Avi Steinberg was meant for greater things. If not a doctor or lawyer (per his family’s expectations), his time in yeshiva should at least have turned out a decent rabbi. But no; he left yeshiva for Harvard, then stalled out as a freelance obituary writer for the Boston Globe. In search of a new direction, and the security of a job with benefits, Steinberg answered an ad on Craigslist and began life anew as a librarian in a Boston prison.
Running the Books chronicles Steinberg’s years on the job, introducing a cast of inmates with whom his involvement went beyond mere book recommendations. He gathers culinary school applications for a gangster who plans to turn his life around by becoming a cooking show host (working title: “Thug Sizzle”). Initially befriending a charming pimp who is writing his memoirs, Steinberg is chilled when a cursory Google search reveals more about the man’s crimes than he was prepared to learn. The simple act of giving a cupcake to a depressed inmate opens up a meditation on the power dynamic between staff and prisoners, and the multiple ways that trying to treat a prisoner as an equal can backfire, most often at the staff member’s expense.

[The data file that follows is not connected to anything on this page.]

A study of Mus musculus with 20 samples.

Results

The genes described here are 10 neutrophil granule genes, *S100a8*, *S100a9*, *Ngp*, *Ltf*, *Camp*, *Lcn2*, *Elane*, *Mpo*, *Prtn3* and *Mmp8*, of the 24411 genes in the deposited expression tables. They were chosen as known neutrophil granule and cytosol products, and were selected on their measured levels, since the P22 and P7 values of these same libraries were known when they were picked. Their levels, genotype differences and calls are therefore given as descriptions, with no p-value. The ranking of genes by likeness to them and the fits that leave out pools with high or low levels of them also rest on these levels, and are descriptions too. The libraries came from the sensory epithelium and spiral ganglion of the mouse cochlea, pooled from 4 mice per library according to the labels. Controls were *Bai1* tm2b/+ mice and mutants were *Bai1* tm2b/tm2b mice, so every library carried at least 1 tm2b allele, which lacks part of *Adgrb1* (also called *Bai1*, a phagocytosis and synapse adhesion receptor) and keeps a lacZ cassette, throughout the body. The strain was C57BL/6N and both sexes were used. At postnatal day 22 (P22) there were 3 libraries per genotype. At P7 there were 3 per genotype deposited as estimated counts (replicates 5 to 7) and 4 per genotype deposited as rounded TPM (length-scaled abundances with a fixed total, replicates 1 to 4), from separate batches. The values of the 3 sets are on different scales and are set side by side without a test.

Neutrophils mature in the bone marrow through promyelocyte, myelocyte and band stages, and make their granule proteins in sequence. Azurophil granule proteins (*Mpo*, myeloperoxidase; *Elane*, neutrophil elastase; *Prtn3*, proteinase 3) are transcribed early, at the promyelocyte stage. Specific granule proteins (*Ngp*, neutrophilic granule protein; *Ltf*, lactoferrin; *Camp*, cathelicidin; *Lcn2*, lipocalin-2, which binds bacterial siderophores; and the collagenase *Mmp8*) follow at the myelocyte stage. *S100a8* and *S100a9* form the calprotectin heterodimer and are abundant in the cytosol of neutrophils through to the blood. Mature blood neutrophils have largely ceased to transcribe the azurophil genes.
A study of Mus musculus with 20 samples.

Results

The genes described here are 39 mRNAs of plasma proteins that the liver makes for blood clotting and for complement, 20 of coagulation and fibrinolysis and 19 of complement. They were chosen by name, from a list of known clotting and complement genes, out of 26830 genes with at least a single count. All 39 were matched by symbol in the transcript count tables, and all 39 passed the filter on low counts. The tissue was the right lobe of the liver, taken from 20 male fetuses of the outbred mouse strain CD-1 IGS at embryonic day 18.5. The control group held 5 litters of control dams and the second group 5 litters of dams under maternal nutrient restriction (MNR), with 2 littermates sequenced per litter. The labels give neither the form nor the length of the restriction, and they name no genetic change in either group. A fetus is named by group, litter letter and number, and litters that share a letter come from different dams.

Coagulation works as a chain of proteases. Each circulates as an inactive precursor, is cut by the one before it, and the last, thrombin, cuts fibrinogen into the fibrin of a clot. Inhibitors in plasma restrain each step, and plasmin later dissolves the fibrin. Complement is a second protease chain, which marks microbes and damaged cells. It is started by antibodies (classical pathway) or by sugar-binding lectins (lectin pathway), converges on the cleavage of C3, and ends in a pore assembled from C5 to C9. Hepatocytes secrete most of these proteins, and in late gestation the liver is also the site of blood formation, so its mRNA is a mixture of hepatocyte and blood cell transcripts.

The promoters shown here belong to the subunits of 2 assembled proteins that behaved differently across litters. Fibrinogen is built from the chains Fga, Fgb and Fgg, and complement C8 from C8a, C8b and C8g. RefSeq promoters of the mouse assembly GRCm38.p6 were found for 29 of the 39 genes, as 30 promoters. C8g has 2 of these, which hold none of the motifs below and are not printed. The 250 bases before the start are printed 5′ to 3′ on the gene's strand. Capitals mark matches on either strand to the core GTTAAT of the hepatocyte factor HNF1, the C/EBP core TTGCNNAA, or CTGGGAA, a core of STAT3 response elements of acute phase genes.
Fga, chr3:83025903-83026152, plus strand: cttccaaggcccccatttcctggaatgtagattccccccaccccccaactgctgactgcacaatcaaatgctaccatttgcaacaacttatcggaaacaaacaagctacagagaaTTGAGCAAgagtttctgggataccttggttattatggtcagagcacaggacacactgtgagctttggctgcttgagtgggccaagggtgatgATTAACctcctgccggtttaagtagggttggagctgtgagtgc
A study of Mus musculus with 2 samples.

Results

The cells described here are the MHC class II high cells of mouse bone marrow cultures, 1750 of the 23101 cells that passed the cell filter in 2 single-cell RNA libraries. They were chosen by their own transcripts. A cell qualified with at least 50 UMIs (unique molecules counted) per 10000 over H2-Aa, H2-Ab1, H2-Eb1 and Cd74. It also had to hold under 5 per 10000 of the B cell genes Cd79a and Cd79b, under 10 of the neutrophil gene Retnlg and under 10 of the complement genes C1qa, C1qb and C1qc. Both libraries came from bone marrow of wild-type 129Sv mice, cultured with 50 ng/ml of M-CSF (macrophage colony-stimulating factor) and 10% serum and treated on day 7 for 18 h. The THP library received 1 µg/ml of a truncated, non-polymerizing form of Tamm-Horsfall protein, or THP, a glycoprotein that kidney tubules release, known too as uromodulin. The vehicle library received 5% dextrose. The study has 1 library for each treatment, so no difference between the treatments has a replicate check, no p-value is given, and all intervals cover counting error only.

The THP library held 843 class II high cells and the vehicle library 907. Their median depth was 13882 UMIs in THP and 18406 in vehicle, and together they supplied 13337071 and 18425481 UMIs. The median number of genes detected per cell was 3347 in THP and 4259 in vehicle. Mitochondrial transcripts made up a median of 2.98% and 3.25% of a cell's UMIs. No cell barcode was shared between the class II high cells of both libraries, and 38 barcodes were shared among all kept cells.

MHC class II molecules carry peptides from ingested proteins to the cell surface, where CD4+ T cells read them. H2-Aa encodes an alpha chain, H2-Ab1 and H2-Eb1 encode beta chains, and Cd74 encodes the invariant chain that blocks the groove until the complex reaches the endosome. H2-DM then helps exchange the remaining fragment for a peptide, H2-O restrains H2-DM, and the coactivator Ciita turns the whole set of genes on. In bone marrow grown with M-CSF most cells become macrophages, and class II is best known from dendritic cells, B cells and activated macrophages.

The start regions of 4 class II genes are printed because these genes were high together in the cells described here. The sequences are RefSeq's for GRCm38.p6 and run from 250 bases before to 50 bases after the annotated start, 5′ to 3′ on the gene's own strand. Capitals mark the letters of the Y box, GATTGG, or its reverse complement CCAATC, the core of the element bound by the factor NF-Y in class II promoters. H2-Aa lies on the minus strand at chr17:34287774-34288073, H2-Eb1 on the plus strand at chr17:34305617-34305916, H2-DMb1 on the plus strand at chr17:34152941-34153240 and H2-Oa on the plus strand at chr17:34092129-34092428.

It’s ultimately a conflict with a prison officer that leads Steinberg to leave the job—had the officer pressed charges, they would have included assault with a Post-It note—though the accumulated stress had taken a significant toll. “I’d taken the job largely to get health insurance, but the truth was, I hadn’t needed health care until I took the job.”
Steinberg’s account may very well make you laugh and cry, but it will also have you re-evaluating items in your home for their potential as weapons. Running the Books is a powerful look at the prison system and a highly personal memoir in one.